They just wanted to find out what people thought. But two major campaigns and tens of thousands of signatures later, the Scottish government’s consultation on the question of legalising same-sex marriage has triggered a response beyond expectations.
The consultation ends today, and is the first in the UK to consider same-sex marriage. It proposes that same-sex marriage should be introduced where religious groups are happy to perform the ceremony. The Scottish government will use the results as a guide for whether to forge ahead with legislation.
Should this happen, it would be hard for Westminster to ignore. The UK government is floating similar plans for England and Wales. In the meantime, same sex couples in these countries may be tempted to travel north to get married – think Gretna Green 2.0.
Heading the campaign for legalisation is the Campaign for Equal Marriage, which has been pushing for equal rights to civil partnerships and marriage since 2009. Opposing them is Scotland For Marriage, an umbrella group which includes the Catholic Bishops’ Conference and the Evangelical Alliance.
As the consultation period draws to a close, both sides are pushing their message as hard as they can. But their methods have been very different.
Scotland For Marriage has harnessed traditional techniques to get its message across. Although it recently set up a website, much of the activism has been carried out by its constituent groups in congregations.
Paul Kearney, a spokesman for the Bishops’ Conference, emphasised the success of a postcard campaign, where hundreds of thousands of cards were handed out to parishioners. Similar campaigns were carried out by other faith groups.
According to Kearney, traditional methods are still the most meaningful. “I would say the most effective way, even in this electronic age, is to get out a bit of paper whether it is a leaflet or a postcard into someone’s hand. I would argue that 28,000 people signing and returning postcards shows a level of commitment that 28,000 emails doesn’t.”
By contrast, the Campaign for Equal Marriage has embraced digital media. While the organisation has won the backing of prominent trade unions, student LGBT campaigners and the Scottish youth parliament, its main mode of communication is the internet.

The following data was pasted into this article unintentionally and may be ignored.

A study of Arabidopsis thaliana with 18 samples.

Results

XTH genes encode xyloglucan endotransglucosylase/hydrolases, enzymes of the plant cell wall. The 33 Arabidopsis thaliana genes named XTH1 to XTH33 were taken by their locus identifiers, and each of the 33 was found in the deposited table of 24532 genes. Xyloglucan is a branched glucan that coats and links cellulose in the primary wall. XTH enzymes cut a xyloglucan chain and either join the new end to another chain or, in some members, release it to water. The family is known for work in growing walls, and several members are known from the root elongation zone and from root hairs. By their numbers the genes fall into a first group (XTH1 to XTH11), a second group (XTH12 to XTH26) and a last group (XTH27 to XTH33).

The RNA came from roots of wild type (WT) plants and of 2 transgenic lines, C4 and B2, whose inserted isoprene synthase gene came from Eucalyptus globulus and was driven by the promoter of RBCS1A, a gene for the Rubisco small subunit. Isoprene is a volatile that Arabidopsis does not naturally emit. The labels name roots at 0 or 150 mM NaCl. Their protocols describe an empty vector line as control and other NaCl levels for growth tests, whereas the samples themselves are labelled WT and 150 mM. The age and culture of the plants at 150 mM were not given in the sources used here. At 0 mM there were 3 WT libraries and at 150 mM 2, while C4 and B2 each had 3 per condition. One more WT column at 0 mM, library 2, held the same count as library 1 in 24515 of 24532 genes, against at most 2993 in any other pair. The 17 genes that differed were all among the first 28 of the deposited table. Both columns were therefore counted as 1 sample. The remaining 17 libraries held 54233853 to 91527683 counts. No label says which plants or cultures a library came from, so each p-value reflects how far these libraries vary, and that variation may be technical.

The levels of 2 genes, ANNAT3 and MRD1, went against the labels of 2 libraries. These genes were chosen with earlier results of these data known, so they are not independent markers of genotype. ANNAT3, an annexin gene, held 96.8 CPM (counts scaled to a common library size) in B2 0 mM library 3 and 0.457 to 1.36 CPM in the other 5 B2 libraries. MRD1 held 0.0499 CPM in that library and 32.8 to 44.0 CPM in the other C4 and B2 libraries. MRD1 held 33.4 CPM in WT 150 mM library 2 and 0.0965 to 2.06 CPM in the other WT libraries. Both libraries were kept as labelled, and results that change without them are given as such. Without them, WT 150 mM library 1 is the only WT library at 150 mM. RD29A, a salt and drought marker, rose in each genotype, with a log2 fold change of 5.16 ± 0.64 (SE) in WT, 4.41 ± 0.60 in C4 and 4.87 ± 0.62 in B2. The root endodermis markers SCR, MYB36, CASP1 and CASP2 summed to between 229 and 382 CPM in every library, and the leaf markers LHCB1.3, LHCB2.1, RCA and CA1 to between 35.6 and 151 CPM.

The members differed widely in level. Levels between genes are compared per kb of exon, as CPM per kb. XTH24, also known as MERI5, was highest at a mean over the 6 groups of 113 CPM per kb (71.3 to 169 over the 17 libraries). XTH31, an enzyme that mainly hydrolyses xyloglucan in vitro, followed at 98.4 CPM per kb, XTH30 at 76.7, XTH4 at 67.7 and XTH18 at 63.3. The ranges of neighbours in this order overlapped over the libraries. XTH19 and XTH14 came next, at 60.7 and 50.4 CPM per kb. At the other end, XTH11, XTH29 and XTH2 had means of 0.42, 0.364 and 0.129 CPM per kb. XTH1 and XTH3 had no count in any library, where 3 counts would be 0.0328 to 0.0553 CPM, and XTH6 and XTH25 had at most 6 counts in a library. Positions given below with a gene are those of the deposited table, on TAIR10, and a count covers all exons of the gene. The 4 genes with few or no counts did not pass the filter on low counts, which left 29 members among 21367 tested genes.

Visitors to the website are encouraged to fill in an online consultation form. The organisers then email them regular updates, urging them to spread the message among family and friends.
The project co-ordinator, Tom French, says that this last part of the strategy is the most effective. “You just have got to get the issue out on the social networks. These things can go viral.”
French denies that a postcard petition is more significant than an online consultation. “They’re literally pushing these postcards around the pews. That puts people under a lot of pressure.”
He insists that the Scottish Government will draw its conclusions primarily from the consultation responses, not the prewritten postcards. Equal Marriage, he says, has already received 18,000 mostly positive responses and hopes to have over 20,000 by the end of today.
Then there is the question of the press. Thanks to the speeches of high profile supporters such as Cardinal O’Brien, Scotland For Marriage has managed to make headlines on several occasions. A protest outside Holyrood gained media attention.
But although some supporters did show up for a counter-protest, French is sceptical about the benefits of press coverage. “The focus of the media has been very much the likes of Catholic Bishops who have said something negative. So you have the same sort of story repeated about a hundred times.”
On the other hand, coverage of the opposition can sometimes help the campaign. “Every time the opposition say something extreme, that’s a real incentive for people to respond.”
Once the consultation has closed, the government is likely to draft a bill proposing at least some of the changes it initially outlined.
But all this activism threatens to disguise the fact that for the majority of Scots, the question of same-sex marriage is not a particularly divisive issue at all. According to a recent Social Attitudes Survey, 60 per cent support it, while only 19 per cent are definitely against it.
And all the main parties voiced support for changing the law before the 2010 election. In October first minister Alex Salmond showed no signs of backing down, saying: “We want LGBT people in this country to be more visible and proud of who they are.” Holyrood will have the final say on this, however passionate outside pressure may be.